If you live in Toronto, you know that this is the bronze Jacob Wrestling sculpture that sat outside the JCC on Bathurst Street forever.
Every morning, forever, long ago, I’d stumble in semi-darkness and blur and fog past the sculpture, holding my little kids’ hands, rushing in to get them to daycare (and then me to work) on time. And then, in the evening, I’d do it all over – rushing in in a foggy stupour to pick them up from daycare and rushing out to get us all home before we collapsed from exhaustion.
Holding those little hands, swinging their arms, singing half-asleep the "happy to be a mommy with two babies" song and, of course, dreaming big about "later" and the wonderful lives we would have together as they grew.
Last week, walking out of a fitness class at the JCC (beside the now-demolished JCC where my kiddies went to daycare), this sculpture jumped out at me. It didn't, really, but since the building had moved, I hadn't noticed where the sculpture had gotten to. And suddenly, it was in front of me.
And the words in my head, cool and clear like a breezy late-winter evening: "you blew it."
A sign. And I hate signs. I don't even believe in signs, really.
But that thought was what I walked around with, hanging over my head all week: "I had eighteen, nineteen years to parent, and now it's over, and I blew it." Life was what happened while I was busy making other plans.
On Shabbos, I went to shul and of course, when I finally stop moving and am surrounded by stillness (and it was also erev my first husband's yahrzeit), I start weeping. Subtly, I hope; I hope nobody noticed.
But then one friend came over, and then another, and I decided that was a sign, too. I mean, TWO friends? I don't even HAVE two friends. Gazillions of acquaintances, but people I'm actually really happy to see, who aren't family members? Not that many.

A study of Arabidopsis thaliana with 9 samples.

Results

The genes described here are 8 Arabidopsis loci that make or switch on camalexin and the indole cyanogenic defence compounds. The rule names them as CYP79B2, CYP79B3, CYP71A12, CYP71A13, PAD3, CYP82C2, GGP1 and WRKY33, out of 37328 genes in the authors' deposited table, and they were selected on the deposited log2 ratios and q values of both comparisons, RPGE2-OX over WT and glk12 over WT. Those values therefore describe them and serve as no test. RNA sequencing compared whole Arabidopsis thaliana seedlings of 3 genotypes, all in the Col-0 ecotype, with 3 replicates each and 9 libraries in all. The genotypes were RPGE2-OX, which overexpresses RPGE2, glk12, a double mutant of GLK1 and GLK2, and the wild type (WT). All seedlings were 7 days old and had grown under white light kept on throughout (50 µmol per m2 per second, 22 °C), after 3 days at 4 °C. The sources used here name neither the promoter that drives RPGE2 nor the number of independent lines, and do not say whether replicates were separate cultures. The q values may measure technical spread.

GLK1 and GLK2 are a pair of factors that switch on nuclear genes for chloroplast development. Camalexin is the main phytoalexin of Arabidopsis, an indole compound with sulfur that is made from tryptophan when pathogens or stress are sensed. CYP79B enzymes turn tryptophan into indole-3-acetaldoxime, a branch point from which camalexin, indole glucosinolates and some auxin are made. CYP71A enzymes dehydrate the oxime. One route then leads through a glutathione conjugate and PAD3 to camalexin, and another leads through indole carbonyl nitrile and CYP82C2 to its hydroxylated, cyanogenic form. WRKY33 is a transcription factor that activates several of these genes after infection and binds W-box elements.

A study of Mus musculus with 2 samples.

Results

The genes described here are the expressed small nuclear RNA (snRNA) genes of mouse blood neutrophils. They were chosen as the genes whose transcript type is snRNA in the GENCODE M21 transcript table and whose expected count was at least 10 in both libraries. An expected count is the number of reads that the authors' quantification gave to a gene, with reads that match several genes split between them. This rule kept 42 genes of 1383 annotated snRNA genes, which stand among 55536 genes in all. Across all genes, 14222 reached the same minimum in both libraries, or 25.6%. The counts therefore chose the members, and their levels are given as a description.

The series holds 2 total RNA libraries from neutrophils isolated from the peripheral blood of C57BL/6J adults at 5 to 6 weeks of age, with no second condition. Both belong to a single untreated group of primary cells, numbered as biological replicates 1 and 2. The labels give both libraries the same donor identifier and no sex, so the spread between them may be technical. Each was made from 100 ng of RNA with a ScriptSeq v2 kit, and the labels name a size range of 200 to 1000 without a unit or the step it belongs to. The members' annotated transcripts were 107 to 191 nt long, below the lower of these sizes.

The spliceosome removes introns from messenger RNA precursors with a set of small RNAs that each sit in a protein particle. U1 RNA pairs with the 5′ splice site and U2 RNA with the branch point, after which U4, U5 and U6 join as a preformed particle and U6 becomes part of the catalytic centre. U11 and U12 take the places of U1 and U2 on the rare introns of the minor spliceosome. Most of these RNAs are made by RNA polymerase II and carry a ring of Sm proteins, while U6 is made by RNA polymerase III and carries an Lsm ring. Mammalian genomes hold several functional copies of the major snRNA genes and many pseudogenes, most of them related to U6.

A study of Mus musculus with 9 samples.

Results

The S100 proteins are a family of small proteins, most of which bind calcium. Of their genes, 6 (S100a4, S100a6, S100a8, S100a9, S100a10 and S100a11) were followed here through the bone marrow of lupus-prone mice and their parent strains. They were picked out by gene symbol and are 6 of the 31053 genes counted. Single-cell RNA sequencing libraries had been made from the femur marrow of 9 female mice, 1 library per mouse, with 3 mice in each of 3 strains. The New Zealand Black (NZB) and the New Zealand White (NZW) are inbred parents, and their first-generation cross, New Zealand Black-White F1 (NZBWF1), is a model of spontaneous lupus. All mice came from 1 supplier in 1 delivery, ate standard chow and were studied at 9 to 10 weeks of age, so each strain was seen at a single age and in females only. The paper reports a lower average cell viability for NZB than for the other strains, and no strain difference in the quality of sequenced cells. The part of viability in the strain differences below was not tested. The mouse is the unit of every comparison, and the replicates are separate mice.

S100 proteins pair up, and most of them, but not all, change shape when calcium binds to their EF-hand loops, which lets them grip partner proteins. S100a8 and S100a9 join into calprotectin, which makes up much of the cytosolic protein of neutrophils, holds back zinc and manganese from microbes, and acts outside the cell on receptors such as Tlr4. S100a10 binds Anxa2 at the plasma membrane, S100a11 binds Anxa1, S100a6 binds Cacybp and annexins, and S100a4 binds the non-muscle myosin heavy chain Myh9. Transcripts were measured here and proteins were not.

So I sucked it up, figured the happy sign beat the sad sign, wiped the tears away and decided that was NOT the message.
But it is a scary thought - if you had only four more months to parent one of your most beloved children... well, if you were me, you'd probably start by smiling more. And I probably should, too.
Beyond that, I have no idea what to do, other than just keep on keeping on what I've been doing, these last 18 years...
I haven’t blogged much about it, because big kids have their own ideas about what belongs on blogs, but since a million people have asked and I have said the same thing to all of them, I figure it’s public knowledge, neither of the big kids is coming with us on aliyah. Yup, zero for two.
One of them is planning to spend the year in Israel anyway – hooray! So we will have one child close for a teasingly short time before things shift once again. And the other – well, we just don’t know.
People make assumptions, when they see you with two little kids. It happens often enough these days anyway, even with the big kids living with us at home. They assume these are your only kids. They assume this is your first marriage. They assume you’re about 15 years younger (not all the assumptions are terrible!).
People are terribly shocked and forced to do a bit of math when I admit I have an 18-year-old. (Yes, that does mean I’m not 35…) Being a parent to ALL of these children is so much a part of my identity that I hate that assumption and I don’t want to lose it.
This must be a common thing for parents of adult children, but it is a new thing for me.
Brutally, it must be a common thing for parents who have lost children - “I am a mother of THREE – even if only two are here today.”
I think I finally, sort of, understand those necklaces that show how many children people have, and their birthstones. How silly, I’ve always thought (arrogantly, as it turns out). You just need to count them to know.
Well, not for much longer.
But I haven’t blown it… not yet. I hope.